On January 15, during his last day in office, Gov. Chris Christie signed into law Assembly Bill 1425/Senate Bill 3233, which implements major reforms to the requirements for the posting of performance and maintenance guarantees under the Municipal Land Use Law (MLUL), N.J.S.A. 40:55D-1 et seq. The new law is effective immediately. Municipalities are now constrained from requiring performance and maintenance guarantees for private improvements in a development.
Municipalities are first required to enact an ordinance in order for performance guarantees to be posted by developers for only the following limited site improvements:
Publicly Dedicated Improvements. Under the new law, only publicly dedicated streets, pavement, gutters, curbs, sidewalks, street lighting, street trees, surveyor monuments, water mains, sanitary sewers, community septic systems (not private septic systems), drainage structures, public improvements of open space, and any grading necessitated by any of the foregoing public improvements can be included within the amount of the performance guarantee;
Perimeter Landscape Buffers. In addition to publicly dedicated improvements, municipalities can only require that perimeter landscape buffers be bonded, not landscaping that is located within the interior of the site that is privately owned and maintained.
Safety/Stabilization Costs. This is commonly known as a site "restoration" guarantee, which can be posted as a separate guarantee or as a line item within the performance guarantee itself. The purpose of this guarantee is to provide the municipality with a source of funds to protect the public from access to an unsafe or unstable condition onsite. The amount of this guarantee is $5,000 when the bonded improvements are $100,000 or less. If the bonded improvements are over $100,000, then the amount is $5,000 for the first $100,000 and 2.5% of the bonded improvement costs in excess of $100,000 up to $1 million, plus 1% of the bonded improvement costs in excess of $1 million. This guarantee, if not included within the overall performance guarantee, must be released by the municipality once the developer posts its performance guarantee. Additionally, the municipality can only "call" the safety/stabilization cost guarantee after site work has stopped for a period of 60 days or longer and the municipality has sent a default notice via certified mail to the developer.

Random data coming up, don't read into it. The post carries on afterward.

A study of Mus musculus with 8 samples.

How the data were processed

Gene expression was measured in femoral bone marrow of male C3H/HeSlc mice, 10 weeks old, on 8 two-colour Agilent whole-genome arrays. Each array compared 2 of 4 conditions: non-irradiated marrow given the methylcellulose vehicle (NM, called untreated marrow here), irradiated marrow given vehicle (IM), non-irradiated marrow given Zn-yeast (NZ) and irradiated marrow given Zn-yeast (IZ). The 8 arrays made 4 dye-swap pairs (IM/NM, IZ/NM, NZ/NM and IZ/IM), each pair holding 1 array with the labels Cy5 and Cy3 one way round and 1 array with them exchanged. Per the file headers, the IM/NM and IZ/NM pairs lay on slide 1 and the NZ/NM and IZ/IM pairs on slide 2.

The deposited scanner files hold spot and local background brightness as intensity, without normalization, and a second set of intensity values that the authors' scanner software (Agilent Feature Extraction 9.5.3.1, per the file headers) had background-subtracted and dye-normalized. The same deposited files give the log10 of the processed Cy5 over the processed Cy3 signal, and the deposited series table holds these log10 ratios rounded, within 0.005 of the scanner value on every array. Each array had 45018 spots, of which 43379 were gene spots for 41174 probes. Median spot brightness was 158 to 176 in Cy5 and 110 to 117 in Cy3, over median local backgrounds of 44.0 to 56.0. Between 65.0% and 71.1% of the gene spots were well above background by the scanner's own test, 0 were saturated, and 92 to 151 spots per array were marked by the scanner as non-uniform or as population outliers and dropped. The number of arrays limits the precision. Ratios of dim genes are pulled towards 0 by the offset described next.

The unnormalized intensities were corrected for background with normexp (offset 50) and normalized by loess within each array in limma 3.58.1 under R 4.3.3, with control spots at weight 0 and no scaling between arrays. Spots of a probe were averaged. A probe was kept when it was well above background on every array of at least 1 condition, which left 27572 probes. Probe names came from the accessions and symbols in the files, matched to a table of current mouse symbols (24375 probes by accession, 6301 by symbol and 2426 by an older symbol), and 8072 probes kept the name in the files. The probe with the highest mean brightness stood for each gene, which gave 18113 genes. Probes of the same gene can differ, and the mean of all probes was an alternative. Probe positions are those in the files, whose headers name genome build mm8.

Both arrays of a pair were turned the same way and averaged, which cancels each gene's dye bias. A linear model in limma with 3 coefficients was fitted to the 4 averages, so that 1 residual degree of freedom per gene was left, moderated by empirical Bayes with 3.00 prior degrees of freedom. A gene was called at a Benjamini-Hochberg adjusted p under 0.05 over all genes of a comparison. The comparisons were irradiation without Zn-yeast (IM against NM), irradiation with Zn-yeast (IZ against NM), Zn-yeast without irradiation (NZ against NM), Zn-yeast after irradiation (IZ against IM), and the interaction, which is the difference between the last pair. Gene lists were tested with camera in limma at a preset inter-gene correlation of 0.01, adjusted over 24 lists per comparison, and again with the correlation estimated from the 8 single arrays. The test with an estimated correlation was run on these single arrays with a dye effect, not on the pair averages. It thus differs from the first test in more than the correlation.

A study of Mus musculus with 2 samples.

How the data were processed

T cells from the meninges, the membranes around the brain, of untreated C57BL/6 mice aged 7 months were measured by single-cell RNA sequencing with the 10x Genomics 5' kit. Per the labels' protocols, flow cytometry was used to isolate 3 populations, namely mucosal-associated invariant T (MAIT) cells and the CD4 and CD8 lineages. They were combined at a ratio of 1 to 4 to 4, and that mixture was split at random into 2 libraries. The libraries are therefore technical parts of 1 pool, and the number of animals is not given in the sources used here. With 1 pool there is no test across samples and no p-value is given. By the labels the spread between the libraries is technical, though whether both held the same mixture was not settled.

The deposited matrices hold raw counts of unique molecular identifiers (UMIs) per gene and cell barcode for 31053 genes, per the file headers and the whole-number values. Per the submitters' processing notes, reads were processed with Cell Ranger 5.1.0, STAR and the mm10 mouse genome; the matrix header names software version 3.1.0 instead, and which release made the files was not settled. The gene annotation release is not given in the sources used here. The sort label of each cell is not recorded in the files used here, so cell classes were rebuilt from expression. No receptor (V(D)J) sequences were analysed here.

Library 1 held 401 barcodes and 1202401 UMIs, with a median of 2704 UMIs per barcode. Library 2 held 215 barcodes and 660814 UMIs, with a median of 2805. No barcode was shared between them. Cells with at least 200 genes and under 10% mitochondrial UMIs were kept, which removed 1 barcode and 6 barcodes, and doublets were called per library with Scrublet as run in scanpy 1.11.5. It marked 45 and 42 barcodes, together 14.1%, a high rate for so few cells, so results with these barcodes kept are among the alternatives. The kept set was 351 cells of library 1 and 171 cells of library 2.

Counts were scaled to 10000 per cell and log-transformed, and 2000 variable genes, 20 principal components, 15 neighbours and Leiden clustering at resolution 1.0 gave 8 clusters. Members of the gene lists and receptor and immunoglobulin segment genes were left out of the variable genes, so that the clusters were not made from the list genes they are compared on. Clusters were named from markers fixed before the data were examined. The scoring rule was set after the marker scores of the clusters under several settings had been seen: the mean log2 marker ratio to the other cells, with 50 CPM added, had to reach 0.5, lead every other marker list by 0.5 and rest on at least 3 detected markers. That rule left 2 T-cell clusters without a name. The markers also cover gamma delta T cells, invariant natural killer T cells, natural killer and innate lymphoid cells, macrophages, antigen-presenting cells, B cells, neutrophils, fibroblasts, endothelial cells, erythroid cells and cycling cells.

Developers also have the option of posting a Temporary Certificate of Occupancy (or "TCO") guarantee allowing them to get a TCO for the project. Upon posting a TCO guarantee, the municipality is required to release the existing performance guarantee or safety/stabilization cost guarantee and the TCO guarantee would bond just the improvements (detailed above) that have not yet been completed until a permanent certificate of occupancy is obtained.
Maintenance guarantees now must equal no more than 15% of the costs of both the improvements now covered under the performance guarantee being released as well as the cost of private storm water management facilities (including basins, in-flow and water quality structures within the basins, and the outflow pipes and structures.). Maintenance guarantees must now be automatically released by the municipality after 2 years.
The inspection fees paid to the municipal engineer for site inspections are still 5% of the costs of both the publicly dedicated site improvements that are the subject of the performance guarantee and the private site improvements that are now not subject to the performance guarantee. The important change here is now the site inspections cannot automatically stop once the escrow is depleted. The municipality has to now send an escrow replenishment request to the developer first via certified mail outlining why they need the additional escrow.